Meet Natalie Andrewson, illustrator and adapter of The Nutcracker and the Mouse King!
What initially drew you to comics?
Well, it took me a long time to learn drawing comics was actually something I could do (and love) with my skills but I always enjoyed drawing stories and making up worlds for my characters to live in. In school I drew comics to make classmates laugh and would pass around a composition notebook full of little, silly comics to friends between classes. But it wasn’t until I graduated college that I realized how fun drawing comics was, and how satisfying it was to use so many of my skills in one place. I used to love singing, composing music, dancing, writing, drawing and acting, and could never choose just one to pursue. It was hard giving up acting classes in favor of drawing classes, even though I loved them both. In comics, I can use all my creative skills together to create the right mood and flow of the story I’m writing. The acting and creative writing go hand in hand with drawing the comic, but the emotional flow and movement of the drawings makes up a great deal of what I do too, that’s where my dancing and musical skills play in. It’s vital for me to choose songs that will emotionally guide me through a chapter, choosing epic romantic movements or quiet classical period pieces (or Tchaikovsky’s music itself for this book!) to help my drawings really come alive and feel right for the moment in the story. The fun I have while mixing all my skills together is what drew me to comics, and keeps me pursuing new stories to tell in this medium.
What about the Nutcracker story inspired you to make a graphic novel adaptation?
I particularly loved the original story by ETA Hoffman and was fascinated that it wasn’t more well known. The whimsical fantasy and fever-dream-like storytelling was right up my alley and totally indulgent. I’ve always thought The Nutcracker was a fun, energetic ballet, but at the end I would always walk away wanting more from it. I wanted to pursue the original story to truly understand Marie’s emotions and imagination and what the author had intended for her.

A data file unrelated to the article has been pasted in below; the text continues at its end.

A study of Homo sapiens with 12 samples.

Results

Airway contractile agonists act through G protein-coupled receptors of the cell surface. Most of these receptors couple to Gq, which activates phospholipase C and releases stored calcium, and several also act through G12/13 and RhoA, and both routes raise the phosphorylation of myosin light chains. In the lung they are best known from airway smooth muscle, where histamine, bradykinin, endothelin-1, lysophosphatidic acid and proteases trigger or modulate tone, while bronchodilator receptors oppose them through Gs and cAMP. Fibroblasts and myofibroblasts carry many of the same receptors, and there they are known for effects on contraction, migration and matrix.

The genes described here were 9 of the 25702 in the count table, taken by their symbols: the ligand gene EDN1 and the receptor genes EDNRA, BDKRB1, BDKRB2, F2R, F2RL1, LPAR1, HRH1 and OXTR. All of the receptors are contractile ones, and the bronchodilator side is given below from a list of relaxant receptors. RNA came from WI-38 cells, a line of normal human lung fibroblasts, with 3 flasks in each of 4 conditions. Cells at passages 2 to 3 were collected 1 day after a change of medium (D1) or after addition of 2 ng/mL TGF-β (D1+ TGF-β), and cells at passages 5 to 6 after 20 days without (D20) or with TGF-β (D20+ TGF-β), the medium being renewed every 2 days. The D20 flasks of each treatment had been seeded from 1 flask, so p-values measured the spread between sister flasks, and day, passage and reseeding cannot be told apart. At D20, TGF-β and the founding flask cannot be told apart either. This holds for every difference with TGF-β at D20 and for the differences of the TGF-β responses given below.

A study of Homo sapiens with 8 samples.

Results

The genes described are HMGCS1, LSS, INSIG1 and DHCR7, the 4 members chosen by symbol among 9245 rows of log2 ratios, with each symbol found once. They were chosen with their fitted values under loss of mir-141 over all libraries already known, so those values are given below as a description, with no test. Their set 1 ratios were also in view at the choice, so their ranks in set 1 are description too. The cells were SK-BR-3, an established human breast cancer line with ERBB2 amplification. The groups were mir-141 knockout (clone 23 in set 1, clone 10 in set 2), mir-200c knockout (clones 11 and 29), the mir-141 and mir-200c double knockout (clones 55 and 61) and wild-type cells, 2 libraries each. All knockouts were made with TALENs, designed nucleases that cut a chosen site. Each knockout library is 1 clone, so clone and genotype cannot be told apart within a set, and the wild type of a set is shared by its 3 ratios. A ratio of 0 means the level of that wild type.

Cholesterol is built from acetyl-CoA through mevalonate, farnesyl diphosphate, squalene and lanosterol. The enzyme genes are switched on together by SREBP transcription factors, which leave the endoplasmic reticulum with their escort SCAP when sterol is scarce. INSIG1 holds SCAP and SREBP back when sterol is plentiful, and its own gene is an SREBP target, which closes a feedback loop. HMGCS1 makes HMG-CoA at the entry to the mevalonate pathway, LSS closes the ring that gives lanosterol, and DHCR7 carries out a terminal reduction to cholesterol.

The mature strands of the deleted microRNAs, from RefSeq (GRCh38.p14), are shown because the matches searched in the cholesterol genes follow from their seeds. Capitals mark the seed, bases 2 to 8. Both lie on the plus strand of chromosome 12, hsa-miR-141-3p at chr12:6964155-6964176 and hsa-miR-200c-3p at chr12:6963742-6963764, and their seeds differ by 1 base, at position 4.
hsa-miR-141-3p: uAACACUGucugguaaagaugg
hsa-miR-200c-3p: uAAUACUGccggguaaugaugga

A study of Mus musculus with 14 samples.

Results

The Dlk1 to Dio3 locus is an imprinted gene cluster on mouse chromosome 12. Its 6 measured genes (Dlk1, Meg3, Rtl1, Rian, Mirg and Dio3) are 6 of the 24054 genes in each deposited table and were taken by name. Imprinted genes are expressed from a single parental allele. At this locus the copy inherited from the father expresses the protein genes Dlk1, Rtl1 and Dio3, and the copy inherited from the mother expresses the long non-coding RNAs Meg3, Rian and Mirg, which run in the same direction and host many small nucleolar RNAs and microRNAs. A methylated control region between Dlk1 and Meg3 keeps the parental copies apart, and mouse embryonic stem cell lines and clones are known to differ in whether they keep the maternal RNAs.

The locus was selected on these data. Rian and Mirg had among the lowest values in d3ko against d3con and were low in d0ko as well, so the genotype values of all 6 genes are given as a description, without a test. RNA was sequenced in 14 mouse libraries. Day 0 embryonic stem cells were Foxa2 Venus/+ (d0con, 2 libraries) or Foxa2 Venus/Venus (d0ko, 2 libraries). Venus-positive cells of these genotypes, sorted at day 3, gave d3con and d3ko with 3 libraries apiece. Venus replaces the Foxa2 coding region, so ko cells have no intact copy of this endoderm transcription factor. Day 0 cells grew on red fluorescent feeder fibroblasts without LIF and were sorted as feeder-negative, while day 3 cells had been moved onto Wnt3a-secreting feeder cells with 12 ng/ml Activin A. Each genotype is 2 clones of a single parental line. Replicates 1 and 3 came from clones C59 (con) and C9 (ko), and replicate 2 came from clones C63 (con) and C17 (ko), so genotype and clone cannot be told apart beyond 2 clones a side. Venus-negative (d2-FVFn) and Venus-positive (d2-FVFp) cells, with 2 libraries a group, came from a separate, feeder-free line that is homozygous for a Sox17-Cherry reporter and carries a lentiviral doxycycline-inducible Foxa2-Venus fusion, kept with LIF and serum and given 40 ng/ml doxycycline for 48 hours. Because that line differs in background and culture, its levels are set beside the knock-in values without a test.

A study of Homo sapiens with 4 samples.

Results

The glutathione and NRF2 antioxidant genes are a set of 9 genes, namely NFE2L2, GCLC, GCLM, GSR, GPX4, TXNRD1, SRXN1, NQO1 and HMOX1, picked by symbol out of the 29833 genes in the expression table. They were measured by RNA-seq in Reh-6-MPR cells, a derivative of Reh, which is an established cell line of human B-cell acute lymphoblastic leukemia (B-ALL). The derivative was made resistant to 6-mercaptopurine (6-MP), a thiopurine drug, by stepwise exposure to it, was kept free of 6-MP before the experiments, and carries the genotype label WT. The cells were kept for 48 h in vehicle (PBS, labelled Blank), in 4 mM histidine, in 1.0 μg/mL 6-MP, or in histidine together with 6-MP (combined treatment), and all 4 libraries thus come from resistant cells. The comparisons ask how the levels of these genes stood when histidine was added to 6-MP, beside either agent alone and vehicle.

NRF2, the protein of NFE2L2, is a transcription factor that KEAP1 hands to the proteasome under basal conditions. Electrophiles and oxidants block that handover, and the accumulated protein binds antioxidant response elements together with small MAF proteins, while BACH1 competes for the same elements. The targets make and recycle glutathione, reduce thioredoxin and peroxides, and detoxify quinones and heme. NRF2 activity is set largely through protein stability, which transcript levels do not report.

What scene or panel sequence did you most enjoy drawing?
My favorite panel sequence was drawing the Orange Brook Forest that Marie and the Nutcracker walk through on their way to the Nutcracker’s kingdom. It’s so magical and lush, and the transition between the coat closet in the foyer of the house and the windy, sparkle-y field where they see the castle felt especially satisfying to draw. A close runner-up was drawing Fritz’s face when he’s reprimanded by his father to be a better ‘general’ to his toy soldiers (by not making them fight while wounded!). Fritz’s long, ashamed face was especially fun to act out while I tried to get his emotion exactly right.
About the Book
Natalie Andrewson brings E.T.A. Hoffmann’s surreal and fantastical story to life like never before in this vibrant graphic novel adaptation of the beloved Christmas classic, The Nutcracker and the Mouse King.
Of all the gifts under the tree on Christmas Eve, only one captures Marie Stahlbaum’s heart: a humble nutcracker.
He’s a curious little man, with kind eyes, sweet red cheeks, and a friendly appearance.
And as midnight nears, he comes to life, revealing a fairy-tale world of magic and wonder, wicked princesses and fierce battles . . . and an ancient curse that can only be broken with the help of a true friend.
With the evil Mouse King looming and her dream world threatened, Marie will have to find the strength to stand up for her nutcracker—no matter what it takes.